Gerry Newcomb works with kiln cast glass, forming large architectural panels, wall murals, sculptures, light fixtures and tables. These pieces invite people to explore them from many perspectives, with both their eyes and their hands. They play with light to produce colors and shapes and they speak to the forms around us.
Gerry first started working in clay in his late teens. Over time he developed the processes and skills to translate clay forms into cast glass. In his current work, clay is used as an initial model material to form a slab with relief and texture. After pulling a mold from the clay, these open face molds are used to cast the glass. Color is sifted, brushed, painted or laid in the mold and clear glass fills in the rest of the mold. The resulting glass piece has one side in high relief. The other side is flat, glossy and transparent, allowing a person to view the relief through the glass. Each side presents a different way to view the piece and each reveals as well as hides elements.
His glass work revolves around structures and textures. These can take the form of architecturally formatted house forms or glass relief drawings on large panels. The pieces incorporate graphic and/or natural elements. Line and color are balanced in a way that is controlled, but also allows for the fluidity of the hot glass to be a part of the end result. He has found ways to place colored forms and shapes inside the glass. At other times he will make a sketch on a piece of glass and incorporate that inside another piece of glass. Some pieces, most specifically wall murals, are mirror coated so they can be lit by reflected light while hanging on a wall.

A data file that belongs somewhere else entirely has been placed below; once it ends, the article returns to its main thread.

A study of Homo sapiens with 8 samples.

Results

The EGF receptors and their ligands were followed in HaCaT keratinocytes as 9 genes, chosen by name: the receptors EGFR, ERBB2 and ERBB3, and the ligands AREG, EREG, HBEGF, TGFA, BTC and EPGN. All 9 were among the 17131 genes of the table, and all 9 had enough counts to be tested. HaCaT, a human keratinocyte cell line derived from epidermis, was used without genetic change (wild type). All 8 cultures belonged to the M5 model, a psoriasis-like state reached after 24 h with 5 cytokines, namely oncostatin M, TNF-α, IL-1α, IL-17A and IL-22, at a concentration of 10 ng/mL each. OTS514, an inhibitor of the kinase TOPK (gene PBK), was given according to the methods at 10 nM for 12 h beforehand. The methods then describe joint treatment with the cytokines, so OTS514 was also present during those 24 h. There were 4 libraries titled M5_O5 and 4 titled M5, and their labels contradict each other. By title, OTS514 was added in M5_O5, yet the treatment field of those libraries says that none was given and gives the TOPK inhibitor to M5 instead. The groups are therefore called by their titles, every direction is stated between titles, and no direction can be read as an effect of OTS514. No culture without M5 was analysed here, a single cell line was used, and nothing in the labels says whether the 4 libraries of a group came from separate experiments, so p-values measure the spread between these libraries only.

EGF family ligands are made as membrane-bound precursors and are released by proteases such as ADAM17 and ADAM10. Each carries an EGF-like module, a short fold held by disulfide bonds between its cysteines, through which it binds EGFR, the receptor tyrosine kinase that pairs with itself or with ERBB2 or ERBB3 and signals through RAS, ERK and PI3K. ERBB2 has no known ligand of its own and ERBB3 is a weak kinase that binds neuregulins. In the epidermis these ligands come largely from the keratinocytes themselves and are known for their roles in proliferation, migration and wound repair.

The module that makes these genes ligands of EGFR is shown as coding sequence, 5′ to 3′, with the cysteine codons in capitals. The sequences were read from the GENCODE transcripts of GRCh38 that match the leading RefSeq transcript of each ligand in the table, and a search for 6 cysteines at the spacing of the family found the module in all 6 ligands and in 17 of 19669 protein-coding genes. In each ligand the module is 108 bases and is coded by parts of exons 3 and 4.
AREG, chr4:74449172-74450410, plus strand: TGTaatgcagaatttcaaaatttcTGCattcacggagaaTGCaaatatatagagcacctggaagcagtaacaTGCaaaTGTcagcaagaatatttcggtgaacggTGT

Gerry’s studio work consists of a mix of his own art work and public and private commissions. Gerry also has taught workshops in kiln-cast glass in Seattle, Portland, Los Angeles, and at the Corning Museum Studio. Gerry divides his time between a studio in Seattle and a studio on Lopez Island, Washington.